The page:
The U.S. federal government has few regulations that pertain to vegetable gardening. First ladies Eleanor Roosevelt and Michelle Obama both created White House vegetable gardens in order to inspire citizens to grow vegetables at home. That said, laws regarding vegetable gardens vary from state to state, and some city ordinances can be quite stringent.
Types of Regulation
Federal and state agencies regulate the types of pesticides and herbicides you can use in your vegetable garden. States ban the propagation of certain plants. Many cities have weed laws that regulate which plants you can grow in your yard, as well as acceptable heights and locations for certain plants. If you are a renter, your landlord can place limits on how you use your yard space and deck.
Pesticide and Herbicide Regulation
On the federal level, the EPA restricts the use of some legal pesticides to licensed professionals. States also have the right to place stricter regulations on pesticide use. For example, phenoxy herbicides are illegal in Washington, but not in Missouri. State government websites should have information on regulations specific to your state.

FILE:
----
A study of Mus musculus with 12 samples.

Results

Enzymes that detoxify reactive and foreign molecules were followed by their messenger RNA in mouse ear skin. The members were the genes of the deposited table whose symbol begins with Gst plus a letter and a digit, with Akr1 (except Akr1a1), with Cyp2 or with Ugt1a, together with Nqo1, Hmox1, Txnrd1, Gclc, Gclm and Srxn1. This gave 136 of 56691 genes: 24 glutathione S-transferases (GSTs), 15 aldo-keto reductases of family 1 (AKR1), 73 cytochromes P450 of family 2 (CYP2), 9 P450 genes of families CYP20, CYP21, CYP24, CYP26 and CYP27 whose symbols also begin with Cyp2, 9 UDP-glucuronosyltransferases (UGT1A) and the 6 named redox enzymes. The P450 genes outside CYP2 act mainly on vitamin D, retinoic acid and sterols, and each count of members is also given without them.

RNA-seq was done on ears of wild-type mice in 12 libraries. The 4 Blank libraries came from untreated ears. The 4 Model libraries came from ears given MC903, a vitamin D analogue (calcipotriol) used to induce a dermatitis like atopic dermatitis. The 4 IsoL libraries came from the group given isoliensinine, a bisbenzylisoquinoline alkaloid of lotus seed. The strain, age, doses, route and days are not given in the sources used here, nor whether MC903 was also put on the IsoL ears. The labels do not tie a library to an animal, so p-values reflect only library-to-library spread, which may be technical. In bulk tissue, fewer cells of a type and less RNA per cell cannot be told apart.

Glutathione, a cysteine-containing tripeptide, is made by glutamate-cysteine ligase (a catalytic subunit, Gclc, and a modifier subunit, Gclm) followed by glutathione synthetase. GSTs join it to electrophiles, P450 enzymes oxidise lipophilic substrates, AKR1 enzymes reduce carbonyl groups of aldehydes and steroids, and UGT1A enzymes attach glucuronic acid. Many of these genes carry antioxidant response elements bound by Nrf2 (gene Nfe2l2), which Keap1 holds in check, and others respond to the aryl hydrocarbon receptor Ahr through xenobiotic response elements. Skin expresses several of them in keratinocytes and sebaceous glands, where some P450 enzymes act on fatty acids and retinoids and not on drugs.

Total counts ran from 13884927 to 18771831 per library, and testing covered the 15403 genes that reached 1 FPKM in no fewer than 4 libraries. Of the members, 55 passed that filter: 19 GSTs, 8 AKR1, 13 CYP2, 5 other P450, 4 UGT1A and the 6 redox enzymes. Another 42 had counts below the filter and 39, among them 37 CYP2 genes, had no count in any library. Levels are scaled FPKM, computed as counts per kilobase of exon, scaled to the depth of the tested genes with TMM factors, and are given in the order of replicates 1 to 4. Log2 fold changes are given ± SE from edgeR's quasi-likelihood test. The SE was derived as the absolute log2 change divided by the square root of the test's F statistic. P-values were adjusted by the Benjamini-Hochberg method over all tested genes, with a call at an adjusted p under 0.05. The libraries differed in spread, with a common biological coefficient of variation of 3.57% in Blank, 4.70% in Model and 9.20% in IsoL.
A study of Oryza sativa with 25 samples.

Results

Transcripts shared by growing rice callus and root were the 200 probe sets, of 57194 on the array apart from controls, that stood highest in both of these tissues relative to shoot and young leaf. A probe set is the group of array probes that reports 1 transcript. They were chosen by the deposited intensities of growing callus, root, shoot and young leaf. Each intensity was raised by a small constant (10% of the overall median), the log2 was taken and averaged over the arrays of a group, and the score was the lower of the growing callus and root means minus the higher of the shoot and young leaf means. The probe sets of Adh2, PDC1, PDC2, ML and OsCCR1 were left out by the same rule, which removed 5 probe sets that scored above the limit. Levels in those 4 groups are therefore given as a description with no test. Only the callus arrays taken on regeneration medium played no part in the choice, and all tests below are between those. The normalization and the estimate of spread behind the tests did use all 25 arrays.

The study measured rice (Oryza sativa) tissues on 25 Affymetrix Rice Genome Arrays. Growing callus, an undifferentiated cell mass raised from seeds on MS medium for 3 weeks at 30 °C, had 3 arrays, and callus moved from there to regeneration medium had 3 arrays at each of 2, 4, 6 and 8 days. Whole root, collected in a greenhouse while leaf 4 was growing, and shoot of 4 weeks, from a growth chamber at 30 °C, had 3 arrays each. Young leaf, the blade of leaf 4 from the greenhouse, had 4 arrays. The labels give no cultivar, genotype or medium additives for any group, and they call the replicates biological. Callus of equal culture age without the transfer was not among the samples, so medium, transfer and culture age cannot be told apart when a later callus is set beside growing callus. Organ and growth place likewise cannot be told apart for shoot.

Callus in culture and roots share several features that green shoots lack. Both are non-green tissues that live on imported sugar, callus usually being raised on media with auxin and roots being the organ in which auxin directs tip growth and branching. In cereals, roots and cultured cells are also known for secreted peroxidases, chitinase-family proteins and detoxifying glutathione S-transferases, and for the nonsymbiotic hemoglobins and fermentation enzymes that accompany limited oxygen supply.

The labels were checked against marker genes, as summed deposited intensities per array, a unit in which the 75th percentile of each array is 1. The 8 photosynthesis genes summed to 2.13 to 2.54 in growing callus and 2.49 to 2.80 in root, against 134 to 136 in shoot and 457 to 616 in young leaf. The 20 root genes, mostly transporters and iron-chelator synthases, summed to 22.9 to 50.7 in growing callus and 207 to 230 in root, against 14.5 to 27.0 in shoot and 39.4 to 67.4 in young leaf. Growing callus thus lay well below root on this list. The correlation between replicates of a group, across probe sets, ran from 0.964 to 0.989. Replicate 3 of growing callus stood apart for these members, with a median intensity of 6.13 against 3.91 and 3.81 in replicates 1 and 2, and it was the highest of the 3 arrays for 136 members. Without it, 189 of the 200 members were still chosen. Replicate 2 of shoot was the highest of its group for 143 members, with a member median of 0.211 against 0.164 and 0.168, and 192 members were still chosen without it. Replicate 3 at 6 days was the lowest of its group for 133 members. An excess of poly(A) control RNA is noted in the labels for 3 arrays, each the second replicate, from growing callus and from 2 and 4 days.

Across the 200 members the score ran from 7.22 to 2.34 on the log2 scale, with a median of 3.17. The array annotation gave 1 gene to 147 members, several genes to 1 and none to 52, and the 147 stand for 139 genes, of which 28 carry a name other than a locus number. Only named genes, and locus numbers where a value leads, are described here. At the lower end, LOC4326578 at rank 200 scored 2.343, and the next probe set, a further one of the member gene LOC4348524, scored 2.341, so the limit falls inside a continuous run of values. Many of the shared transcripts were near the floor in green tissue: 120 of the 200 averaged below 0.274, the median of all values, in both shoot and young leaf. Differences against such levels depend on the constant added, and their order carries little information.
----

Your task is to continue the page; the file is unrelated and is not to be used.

Noxious Weeds and Invasive Species
The federal government maintains a list of invasive or noxious plants that are considered a threat to native species or agriculture. States can impose stricter regulations regarding the propagation of these or other plants. The USDA website includes links to regulations by state. Luckily for the prospective urban farmer, few of these regulated plants produce edible vegetables.
City Weed Laws
According to a report issued by The John Marshall Law Review, residential lawn and garden regulations, or weed laws, date to the 1940s. City governments created weed laws in response to citizen concern that overgrown lots could harbor snakes, rats and vagrants, pose a fire hazard, or more likely, drive down property values. Weed laws impose height restrictions for plants and grasses or limit what types of plants can be grown in your yard. For example, a state or city government can impose a ban on knowingly cultivating certain noxious weeds, invasive species or even native wildflowers. Some towns and cities also have laws that regulate where you can grow vegetables.
Concerns about the environment and nutrition have led many city governments to roll back regulations that restrict the growth of native or edible plants, and some cities, such as Seattle and Chicago, now encourage urban vegetable gardeners by providing gardening tips, free compost or other resources. Check your town's homepage for details on new programs or changes in regulation.